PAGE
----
Muito interessante este artigo da Blomberg sobre a decadência do FC Frankfurt desde o caso Bosman.
Is Der Anker coming back?
It has been more than ten years since the über-reliable defensive midfield Markus Deutsch retired after a long and successful tenure as captain of FC Frankfurt. A player so solid as to deserve the nickname Der Anker (The Anchor), Mr. Deutsch led his squad to international glory and earned multiple accolades.
Now he watches from the sidelines in disgust as the reputation of his old club is shattered by the bickering at the locker room and mismanagement at the board room. “It all began with the Bosman ruling, we were a cohesive unit with common understanding and harmony one day, in the next we were in a no man’s land,” says Mr. Deutsch, referring to the 1995 decision by the European Court of Justice that erased restrictions on international transfers of players.
But not every old man’s reminiscences are rose tinted. In the old days of title winning squads, FC Frankfurt achieved some impressive organizational feats. When their rival club Osten Frankfurt shut off their operation, FCF spent a few years in the red to support Osten’s laid-off players. “We made an organizational decision to take them in, even though they had to be reeducated into new tactics and quite a few of them, well, did not have the ball skills to be successful in the bigger leagues. We even let our salaries fall behind because that was the right thing to do if we wanted to remain at the top,” proudly recalls Der Anker.
Good old days indeed. The Bosman ruling opened the borders of Euroland soccer and the Old Guard, confident of having accomplished their mission, retired to the quiet of Bodensee or the buzz of Phuket.
But what an unruly mob came in!
The conspicuous Italian philosopher of science Aprile Uno, a catedratic of La Scuola Nuova de Torino, chimes in wittily: “As European borders dissolved into nihil, so did social norms and the very fabric of society. A truly European soccer powerhouse is more than a collective of quick feet and mental elegance, but also calls for a new language that transcends the verbal and breaks the barriers erected by centuries of domination of common men and women by their masters! But the crux of the matter is that not even hordes of Huns ravaging the countryside connected the poly-Europas into one organic sentient unit! `Cazzo', not even Bush did it!”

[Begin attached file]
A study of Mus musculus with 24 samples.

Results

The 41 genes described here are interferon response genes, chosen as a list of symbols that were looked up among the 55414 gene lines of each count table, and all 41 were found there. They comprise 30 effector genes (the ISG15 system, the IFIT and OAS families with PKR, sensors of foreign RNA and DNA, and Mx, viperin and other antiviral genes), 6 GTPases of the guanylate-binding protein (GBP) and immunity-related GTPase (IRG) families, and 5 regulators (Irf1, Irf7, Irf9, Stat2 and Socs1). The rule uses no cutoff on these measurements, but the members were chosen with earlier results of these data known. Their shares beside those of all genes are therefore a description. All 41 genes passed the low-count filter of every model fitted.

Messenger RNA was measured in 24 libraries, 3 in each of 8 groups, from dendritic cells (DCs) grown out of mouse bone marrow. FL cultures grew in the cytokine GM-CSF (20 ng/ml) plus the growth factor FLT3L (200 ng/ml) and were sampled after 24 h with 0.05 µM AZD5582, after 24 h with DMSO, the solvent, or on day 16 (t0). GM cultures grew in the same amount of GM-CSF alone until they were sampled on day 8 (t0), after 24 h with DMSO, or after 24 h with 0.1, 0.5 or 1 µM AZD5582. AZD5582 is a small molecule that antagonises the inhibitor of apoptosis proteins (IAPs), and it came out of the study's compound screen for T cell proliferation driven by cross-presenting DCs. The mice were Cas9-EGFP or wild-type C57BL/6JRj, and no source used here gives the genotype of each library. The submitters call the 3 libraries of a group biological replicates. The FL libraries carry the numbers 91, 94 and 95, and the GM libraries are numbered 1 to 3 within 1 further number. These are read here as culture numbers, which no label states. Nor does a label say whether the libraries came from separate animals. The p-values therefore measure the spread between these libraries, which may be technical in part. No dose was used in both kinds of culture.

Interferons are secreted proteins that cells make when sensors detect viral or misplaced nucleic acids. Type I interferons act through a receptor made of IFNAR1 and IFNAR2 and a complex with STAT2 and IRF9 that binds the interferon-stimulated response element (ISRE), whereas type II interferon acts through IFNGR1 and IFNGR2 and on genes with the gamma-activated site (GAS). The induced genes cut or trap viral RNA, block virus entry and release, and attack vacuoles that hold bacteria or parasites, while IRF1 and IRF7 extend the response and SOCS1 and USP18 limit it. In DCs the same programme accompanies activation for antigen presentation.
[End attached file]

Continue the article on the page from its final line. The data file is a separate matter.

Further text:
If neither Attila nor Bush could unite them, Ludwig Van Dour, the Belgian manager hired to rebuild FFC, fights an uphill battle!
First, Irish goalie Bàil O’Banks made a habit of missing morning practices with lame excuses: “I was off kickin’ some Poles from my property!”
Then young Italian prodigy Giovanni Succhiatette would leave all the running to the veterans and insist that his mamma accompanied him to the locker room. When confronted by his teammates, Il Bambino would dive on the ground, roll in pain and point the finger on his alleged aggressor.
When the team most needed flair, Juan Doles, the Spanish ace, was fit only for half time yet wanted the lifestyle of a ninety-minutes player. His substitute, Nuno Cabeça, a Portuguese footballer, got lost in his way from the airport and, months later, was spotted selling sausages and bread from a VW Kombi near the stadium.
But team morale only hit an all time low when the two Greek defenders, Borrolis Kanotpayakis and Sophoclates Indebitekis, were photographed brandishing their swords while wearing dark leather Speedos before the game against Iranian powerhouse Isfahan. This incident was later called the “300 affair”, perhaps in reference to their country’s true debt-to-GDP ratio.
So all this turmoil begs the question: will the good times ever come back?
While jogging around Bodensee, Markus Deutsch seems as fit as in the day of his retirement.